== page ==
Worth the weight
It could have been another bleak year in the international front had Hidilyn Diaz’s coach failed to convince the weightlifting wonder to reconsider.
Discouraged after the Philippine Sports Commission slashed her allowance, Diaz had thought of quitting the sport and trying her luck in the United States to work as a fitness instructor.
But coach Alfonsito Aldanete pleaded with Diaz and struck a deal,train for one more year, compete in the 2016 Rio Olympics, then she’s free to go.
“It’s good she decided to stay in the sport,” Aldanete said of Diaz, who felt disheartened after her monthly allowance of P40,000 got considerably cut to just P9,600.
Diaz’s decision to push on turned out to be life changing. And history making, too, as she emerged as the country’s first female Olympic medalist last August.
“I was totally focused,” said the 25-year-old Diaz.
Left empty handed in her two previous shots at glory, Diaz delivered this time with a silver medal in weightlifting at the 31st Summer Games at Rio de Janeiro.
That triumph snapped the Philippines’ 20-year medal drought in the Olympics as the pride of Zamboanga City lifted a total of 200 kg in the snatch and clean and jerk to finish second to Chinese Taipei’s Hsu Shu-ching in the 53-kilogram class.
“I would have been happy with the bronze,” said Diaz. “That’s what we were targeting, but God gave me the silver.”
The historical feat made it easy for Inquirer, or for any local sports award-giving body, for that matter, to select Diaz as its 2016 Athlete of the Year.
There’s no contesting the winning moment that had an unwitting start. Since she was 11, Diaz regularly lifted heavy pails of water she had drawn from the community water pump. Her remarkable strength at a young age soon led her to the sport.
“You’ve trained for 14 years,” Aldanete reminded Diaz when his ward came close to quitting. “Now you’ll only be training for 14 months and you’ll get a medal.”
Those 14 months turned out crucial as Diaz regained her vigor to compete and committed to a training program that required her to slide down a weight class from 58 kg, the division she competed in the 2008 Beijing and 2012 London Olympics, to 53 kg.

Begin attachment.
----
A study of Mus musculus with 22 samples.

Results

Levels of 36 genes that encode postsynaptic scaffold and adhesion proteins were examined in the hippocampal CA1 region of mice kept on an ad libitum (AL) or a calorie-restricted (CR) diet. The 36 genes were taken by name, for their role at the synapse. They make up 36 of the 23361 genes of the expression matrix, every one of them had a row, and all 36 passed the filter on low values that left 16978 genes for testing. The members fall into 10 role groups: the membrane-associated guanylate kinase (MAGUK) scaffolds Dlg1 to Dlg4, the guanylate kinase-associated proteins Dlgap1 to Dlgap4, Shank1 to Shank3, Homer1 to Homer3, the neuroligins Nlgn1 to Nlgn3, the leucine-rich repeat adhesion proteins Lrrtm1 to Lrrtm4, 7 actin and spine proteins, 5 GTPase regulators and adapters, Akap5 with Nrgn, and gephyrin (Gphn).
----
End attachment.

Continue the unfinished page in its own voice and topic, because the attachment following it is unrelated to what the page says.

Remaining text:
“I didn’t like it at first,” admitted Diaz. “It was hard to lose weight and I thought I wouldn’t have the same strength.”
Yet Diaz showed physical, and more importantly, inner strength to put the tough times behind. So when she basked in the Olympic moment that lifted the nation’s pride, Diaz wanted nothing more but to uplift her family’s life.
“Nandito na ako sa taas, gusto ko sila hilahin pataas (I’m already up here, so I also want to pull them up),” she said.
The fifth of six children of Eduardo, a tricycle driver, and Emelita, Diaz now has the means to give her family a better life after receiving a total reward of almost P10 million from the national and local government. The cash windfall was on top of Diaz’s endorsement offers and other incentives like a new home and free airfare for five years.
But Diaz has kept her sights on the sport as she dropped initial plans to retire and aim for the gold in the 2020 Tokyo Olympics. At the same time, she’s working on plans to set up a weightlifting gym in her hometown to inspire the youth to get into the sport.
“I want to build a gym for the kids, I want them to dream,” said Diaz. “I also want them to be Olympians, to be medalists.”